Alex Murphy has found a community through football. His weekends are spent cheering on Ipswich Town, where he holds a season ticket, the Arsenal women’s team near his north London address, or playing five-a-side with his teams: Saka Potatoes and Olympique Mayonnaise. He has watched every World Cup since 2002 and enjoys the inclusivity of the event, which even his mum, who doesn’t really care about football, gets into. But this year, he won’t be tuning in.
He made the decision in January, when he became aware that more than 6,500 migrant workers from India, Pakistan, Nepal, Bangladesh and Sri Lanka had died after Qatar embarked on an unprecedented building programme, largely in preparation for the tournament.
Murphy was already disappointed that the country, which has a problematic track record with women and LGBTQ+ rights, had won the bid and been given the opportunity to sportswash its image. “I think by not participating in it, you’re partly defining what it is about the game you love,” he says.
“Football can give people hope,” says Jonathan Tomlinson, the editor of a photo book that captured fans from around the world in 2018. “It gives people a reason to be together and put their differences aside.” He wanted to launch another issue to coincide with the World Cup but decided the event had come to epitomise elitism, corruption and a lack of empathy, so chose not to take part. “Nobody cares about the migrant workers or the people sitting at home cold,” he says.
Jessica Irving, who co-founded the Daltson-based five-a-side team Peaches FC, for women and non-binary players, during lockdown, agrees: “Football in my life has become such a thing of shared queer joy and community, calls for anti-racism, anti-sexism, and this does not represent any of that.”
She’s “disgusted” by a tournament “built on the blood of slaves” in a country where, under an interpretation of sharia law, gay sex can lead to a death sentence. Women also lack basic rights, and a Human Rights Watch report last year found they must ask permission from their male guardians to travel abroad until certain ages, study abroad on government scholarships, work in many government jobs and make some choices about their reproductive health.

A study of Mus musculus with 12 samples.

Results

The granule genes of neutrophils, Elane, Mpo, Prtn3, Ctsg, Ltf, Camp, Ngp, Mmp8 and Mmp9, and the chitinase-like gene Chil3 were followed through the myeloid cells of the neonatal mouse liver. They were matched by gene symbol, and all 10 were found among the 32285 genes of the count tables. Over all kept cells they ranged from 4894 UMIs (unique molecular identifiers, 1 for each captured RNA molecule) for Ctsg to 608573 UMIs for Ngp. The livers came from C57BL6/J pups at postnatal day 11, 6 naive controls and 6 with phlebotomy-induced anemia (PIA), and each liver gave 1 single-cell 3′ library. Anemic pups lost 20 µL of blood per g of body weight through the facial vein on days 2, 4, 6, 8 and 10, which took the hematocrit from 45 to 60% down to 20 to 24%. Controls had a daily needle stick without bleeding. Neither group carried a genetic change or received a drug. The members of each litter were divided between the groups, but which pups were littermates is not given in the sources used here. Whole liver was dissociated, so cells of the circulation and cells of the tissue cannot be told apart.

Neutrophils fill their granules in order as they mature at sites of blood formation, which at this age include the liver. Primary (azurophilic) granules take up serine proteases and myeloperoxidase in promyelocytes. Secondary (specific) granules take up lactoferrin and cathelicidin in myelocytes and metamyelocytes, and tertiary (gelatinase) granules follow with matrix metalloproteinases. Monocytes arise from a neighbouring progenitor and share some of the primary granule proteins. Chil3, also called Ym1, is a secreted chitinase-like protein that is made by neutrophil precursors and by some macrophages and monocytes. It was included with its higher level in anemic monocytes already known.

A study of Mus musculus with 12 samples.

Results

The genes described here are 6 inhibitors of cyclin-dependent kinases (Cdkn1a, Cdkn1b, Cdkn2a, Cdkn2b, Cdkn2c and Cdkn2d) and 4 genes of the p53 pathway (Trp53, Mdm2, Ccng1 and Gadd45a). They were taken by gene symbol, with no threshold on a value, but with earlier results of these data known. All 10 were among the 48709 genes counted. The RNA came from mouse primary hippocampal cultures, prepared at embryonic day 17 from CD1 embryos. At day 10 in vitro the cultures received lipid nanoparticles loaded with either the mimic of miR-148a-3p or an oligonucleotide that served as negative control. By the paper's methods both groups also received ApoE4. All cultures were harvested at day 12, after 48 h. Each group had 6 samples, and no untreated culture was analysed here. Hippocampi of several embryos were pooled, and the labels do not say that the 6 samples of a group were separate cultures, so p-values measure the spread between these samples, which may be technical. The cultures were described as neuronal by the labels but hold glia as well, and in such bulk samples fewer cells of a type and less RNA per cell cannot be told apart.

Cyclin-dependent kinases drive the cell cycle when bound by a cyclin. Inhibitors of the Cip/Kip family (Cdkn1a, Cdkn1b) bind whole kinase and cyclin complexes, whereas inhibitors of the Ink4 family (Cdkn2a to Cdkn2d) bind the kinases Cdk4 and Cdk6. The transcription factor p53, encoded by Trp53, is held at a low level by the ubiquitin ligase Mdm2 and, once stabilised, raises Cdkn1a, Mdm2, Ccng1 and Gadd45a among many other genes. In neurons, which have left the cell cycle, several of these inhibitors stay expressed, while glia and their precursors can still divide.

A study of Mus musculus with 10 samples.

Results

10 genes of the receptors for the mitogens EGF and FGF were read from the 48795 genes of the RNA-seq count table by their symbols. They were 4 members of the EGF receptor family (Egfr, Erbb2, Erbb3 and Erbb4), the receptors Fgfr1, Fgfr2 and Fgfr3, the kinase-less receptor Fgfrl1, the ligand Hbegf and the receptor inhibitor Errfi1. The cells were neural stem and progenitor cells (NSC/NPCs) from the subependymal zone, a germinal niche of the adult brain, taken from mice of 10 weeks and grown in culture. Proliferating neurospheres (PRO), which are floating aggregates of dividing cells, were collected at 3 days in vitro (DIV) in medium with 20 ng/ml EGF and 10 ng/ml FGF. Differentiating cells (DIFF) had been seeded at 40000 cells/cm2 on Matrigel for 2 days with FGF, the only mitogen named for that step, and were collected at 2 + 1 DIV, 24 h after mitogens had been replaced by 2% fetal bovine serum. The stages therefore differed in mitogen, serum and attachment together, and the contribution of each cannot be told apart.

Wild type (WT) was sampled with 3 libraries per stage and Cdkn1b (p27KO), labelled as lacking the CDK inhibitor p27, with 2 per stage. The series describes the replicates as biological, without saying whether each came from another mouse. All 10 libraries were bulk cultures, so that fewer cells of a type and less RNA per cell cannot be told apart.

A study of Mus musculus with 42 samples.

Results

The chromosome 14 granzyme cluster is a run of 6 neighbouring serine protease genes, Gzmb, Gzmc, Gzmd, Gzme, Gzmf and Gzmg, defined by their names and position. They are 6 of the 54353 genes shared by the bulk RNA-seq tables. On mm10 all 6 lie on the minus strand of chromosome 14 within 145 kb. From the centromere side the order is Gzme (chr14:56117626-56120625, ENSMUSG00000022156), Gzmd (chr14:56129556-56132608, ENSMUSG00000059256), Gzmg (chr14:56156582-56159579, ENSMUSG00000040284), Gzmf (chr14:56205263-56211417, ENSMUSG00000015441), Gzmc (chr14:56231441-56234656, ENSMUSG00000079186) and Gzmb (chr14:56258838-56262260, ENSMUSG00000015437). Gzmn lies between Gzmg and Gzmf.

“It just doesn’t feel like the same spirit that it usually does,” says Shivani Dave, a non-binary journalist and TikToker who was covering a Gay Gooners protest outside the Qatari embassy on Saturday. They have played football since childhood and are with a team called Golddiggers in East London. “I would usually love to be supporting it,” says Dave, but this year, they add: “I would rather invite friends around and watch a Christmas movie than go to the pub and watch the World Cup.”
Dave thinks it’s important for the west to speak out against homophobia in Islamic countries, where many laws that restrict LGBTQ+ rights stem from the Christian values colonists governed with. In their family’s native India there is evidence of queer relationships and trans bodies being worshipped but that disappeared with British rule. Not watching the World Cup is a way of showing solidarity with the LGBTQ+ community abroad.
According to a recent poll, six out of 10 people in the UK oppose Qatar hosting the World Cup over anti-gay laws, with 39% believing teams should not take part in the event. But there’s been a lot of fence-sitting from English fans when it comes to committing to a boycott. “What do we stand for in this country?” asks Irving. “Nothing.”
Europe has been more vocal. Since last year, a campaign in Norway has called for non-attendance, and the former Finland captain Tim Sparv was one of the first to encourage players to speak up. Fans have hung banners at German Bundesliga matches, and across France and Spain local authorities have vowed not to broadcast matches in public places. On TikTok calls to #boycottqatar2022 have garnered more than 4.1m views, including a video by a family member of a construction worker who died while employed, under circumstances he describes as “modern day slavery,” in Qatar.
But “the UK lives and breathes football”, says 21-year-old Nathan Balogun-etti, who coaches and referees for the Goalposts League. “If there was no football there would be an uproar.” Unlike his friends who will be watching the games, he’s not interested in supporting a tournament with a background of Fifa corruption.
Over the past four and a bit years, Fifa has increased its World Cup revenue by more than $1bn (£840m), helped by lucrative deals with partners such as Qatar Energy. But the governing body has asked participating nations to “let football take the stage”.
“The coverage and condemnation of Qatar, in recent weeks, has been encouraging,” says Murphy. He hopes a boycott will affect viewing ratings and finances and and show those hosting the event in the future that human and environmental costs matter to the public. His “greatest fear” is that with the World Cup under way “that conversation gets best put on standby and forgotten”.